Disadvantaged (compared to Lab Experiments)
It is not possible to control variables as closely as with laboratory experiments – With the Rosenthal and Jacobson experiment, for example we simply don’t know what else might have influenced the ‘spurting group’ besides ‘higher teacher expectations’.
The Hawthorne Effect (or Experimental Effect) may reduce the validity of results. The Hawthorne effect is where respondents may act differently just because they know they are part of an experiment.
Ethical Problems – Just as with lab experiments – it is often possible to not inform people that an experiment is taking place in order for them to act naturally, so the issues of deception and lack of informed consent apply here too, as does the issue of harm.
Practical Problems – Access is likely to be more of a problem with lab experiments. Schools and workplaces might be reluctant to allow researchers in.
Rosenthal and Jacobson’s 1968 Field Experiment on Teacher Expectations (Pygmalion in the Classroom)
The aim of this research was to measure the effect of high teacher expectation on the educational performance of pupils.
Pupils were given an IQ test and on the basis of this R and J informed teachers that 20% of the pupils were likely ‘spurt’ academically in the next year. In reality, however, the 20% were randomly selected.
Deception/ Lack of Informed Consent is an issue – In order for the experiment to work, R and J had to deceive the teachers about the real nature of the experiment, and the pupils had no idea what was going on.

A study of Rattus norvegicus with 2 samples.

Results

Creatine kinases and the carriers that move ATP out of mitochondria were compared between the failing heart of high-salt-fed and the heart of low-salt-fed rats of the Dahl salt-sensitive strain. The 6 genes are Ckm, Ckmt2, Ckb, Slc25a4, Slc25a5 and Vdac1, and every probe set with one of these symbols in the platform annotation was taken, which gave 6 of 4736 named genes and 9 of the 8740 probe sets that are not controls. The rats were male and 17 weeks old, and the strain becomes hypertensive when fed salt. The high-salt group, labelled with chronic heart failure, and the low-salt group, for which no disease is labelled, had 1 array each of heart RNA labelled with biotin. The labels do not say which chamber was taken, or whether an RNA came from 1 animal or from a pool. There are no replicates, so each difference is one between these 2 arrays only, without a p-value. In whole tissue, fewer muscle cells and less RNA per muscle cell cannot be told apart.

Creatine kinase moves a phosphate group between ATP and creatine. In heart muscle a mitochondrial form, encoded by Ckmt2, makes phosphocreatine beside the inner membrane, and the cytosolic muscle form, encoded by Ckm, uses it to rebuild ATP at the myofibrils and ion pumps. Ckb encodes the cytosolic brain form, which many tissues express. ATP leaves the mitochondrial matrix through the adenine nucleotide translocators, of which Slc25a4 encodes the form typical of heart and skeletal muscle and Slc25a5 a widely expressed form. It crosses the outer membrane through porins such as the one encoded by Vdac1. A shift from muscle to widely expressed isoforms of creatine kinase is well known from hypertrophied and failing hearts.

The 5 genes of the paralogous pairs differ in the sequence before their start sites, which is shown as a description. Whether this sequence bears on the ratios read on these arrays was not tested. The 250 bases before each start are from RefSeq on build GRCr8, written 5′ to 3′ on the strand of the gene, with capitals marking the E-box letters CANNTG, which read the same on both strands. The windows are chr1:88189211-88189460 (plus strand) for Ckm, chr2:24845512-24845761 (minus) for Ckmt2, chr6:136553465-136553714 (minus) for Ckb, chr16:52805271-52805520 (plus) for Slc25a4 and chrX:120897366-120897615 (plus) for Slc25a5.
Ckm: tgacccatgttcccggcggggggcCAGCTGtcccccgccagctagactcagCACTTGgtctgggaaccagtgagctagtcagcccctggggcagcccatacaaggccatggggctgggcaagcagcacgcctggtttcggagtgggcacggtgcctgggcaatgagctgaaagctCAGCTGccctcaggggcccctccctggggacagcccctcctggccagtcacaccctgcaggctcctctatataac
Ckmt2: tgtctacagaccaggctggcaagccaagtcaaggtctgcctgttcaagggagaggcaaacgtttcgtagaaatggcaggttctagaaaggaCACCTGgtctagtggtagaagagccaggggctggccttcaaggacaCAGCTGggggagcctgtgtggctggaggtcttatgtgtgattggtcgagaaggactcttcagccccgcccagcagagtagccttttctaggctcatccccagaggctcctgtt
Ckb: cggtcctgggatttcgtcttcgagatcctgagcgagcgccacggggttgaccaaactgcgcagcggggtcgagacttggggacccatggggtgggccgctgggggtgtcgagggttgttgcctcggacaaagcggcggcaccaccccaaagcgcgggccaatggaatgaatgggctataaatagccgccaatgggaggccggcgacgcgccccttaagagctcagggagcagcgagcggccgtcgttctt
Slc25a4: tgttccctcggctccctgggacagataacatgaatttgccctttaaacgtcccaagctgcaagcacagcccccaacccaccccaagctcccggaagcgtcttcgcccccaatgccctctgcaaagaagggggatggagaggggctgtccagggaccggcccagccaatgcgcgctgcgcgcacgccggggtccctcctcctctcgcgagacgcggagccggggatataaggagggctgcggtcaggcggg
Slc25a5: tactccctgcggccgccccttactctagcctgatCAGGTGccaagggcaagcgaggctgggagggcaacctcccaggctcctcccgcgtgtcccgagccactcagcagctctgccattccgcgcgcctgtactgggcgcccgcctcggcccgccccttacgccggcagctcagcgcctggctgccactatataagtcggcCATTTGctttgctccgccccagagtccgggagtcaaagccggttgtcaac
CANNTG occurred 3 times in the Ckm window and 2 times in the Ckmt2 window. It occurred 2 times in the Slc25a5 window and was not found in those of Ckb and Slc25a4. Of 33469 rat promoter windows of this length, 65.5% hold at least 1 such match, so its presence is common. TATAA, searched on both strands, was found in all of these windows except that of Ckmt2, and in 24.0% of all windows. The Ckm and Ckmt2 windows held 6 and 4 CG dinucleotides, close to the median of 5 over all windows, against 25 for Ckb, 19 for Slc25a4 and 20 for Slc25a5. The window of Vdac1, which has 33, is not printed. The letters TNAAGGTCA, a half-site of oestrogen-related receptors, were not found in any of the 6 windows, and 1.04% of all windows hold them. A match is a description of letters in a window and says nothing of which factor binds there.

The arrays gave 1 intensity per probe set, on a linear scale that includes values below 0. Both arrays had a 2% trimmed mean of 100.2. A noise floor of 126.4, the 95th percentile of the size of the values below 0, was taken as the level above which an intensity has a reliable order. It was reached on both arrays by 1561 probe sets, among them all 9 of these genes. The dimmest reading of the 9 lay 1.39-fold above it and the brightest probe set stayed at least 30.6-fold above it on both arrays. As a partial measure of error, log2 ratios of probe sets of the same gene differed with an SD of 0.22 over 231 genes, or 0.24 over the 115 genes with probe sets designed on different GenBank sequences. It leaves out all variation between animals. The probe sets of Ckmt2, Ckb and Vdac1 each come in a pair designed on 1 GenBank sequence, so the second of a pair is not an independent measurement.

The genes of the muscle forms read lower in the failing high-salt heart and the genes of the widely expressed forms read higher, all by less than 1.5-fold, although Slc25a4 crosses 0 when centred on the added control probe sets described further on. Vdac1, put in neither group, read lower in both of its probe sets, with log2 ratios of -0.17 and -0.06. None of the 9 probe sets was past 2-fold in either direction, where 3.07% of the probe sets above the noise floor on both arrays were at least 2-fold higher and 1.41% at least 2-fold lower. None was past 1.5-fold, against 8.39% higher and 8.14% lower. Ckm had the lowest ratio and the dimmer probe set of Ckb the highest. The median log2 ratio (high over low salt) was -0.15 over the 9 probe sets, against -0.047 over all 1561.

ethical problems – while the spurters seem to have benefited from this study, the other 80% of pupils did not
reliability is a problem while the research design was relatively simple and thus easy to repeat
Take place in real life settings
The high street
More common than Laboratory
Because they are closer to real life
Advantages (compared to Lab Experiments)
Better external validity – The big advantage which field experiments obviously have better external validity than lab experiments, because they take place in normally occurring social settings.
Larger Scale Settings – Practically it is possible to do field experiments in large institutions – in schools or workplaces in which thousands of people interact for example, which isn’t possible in laboratory experiments.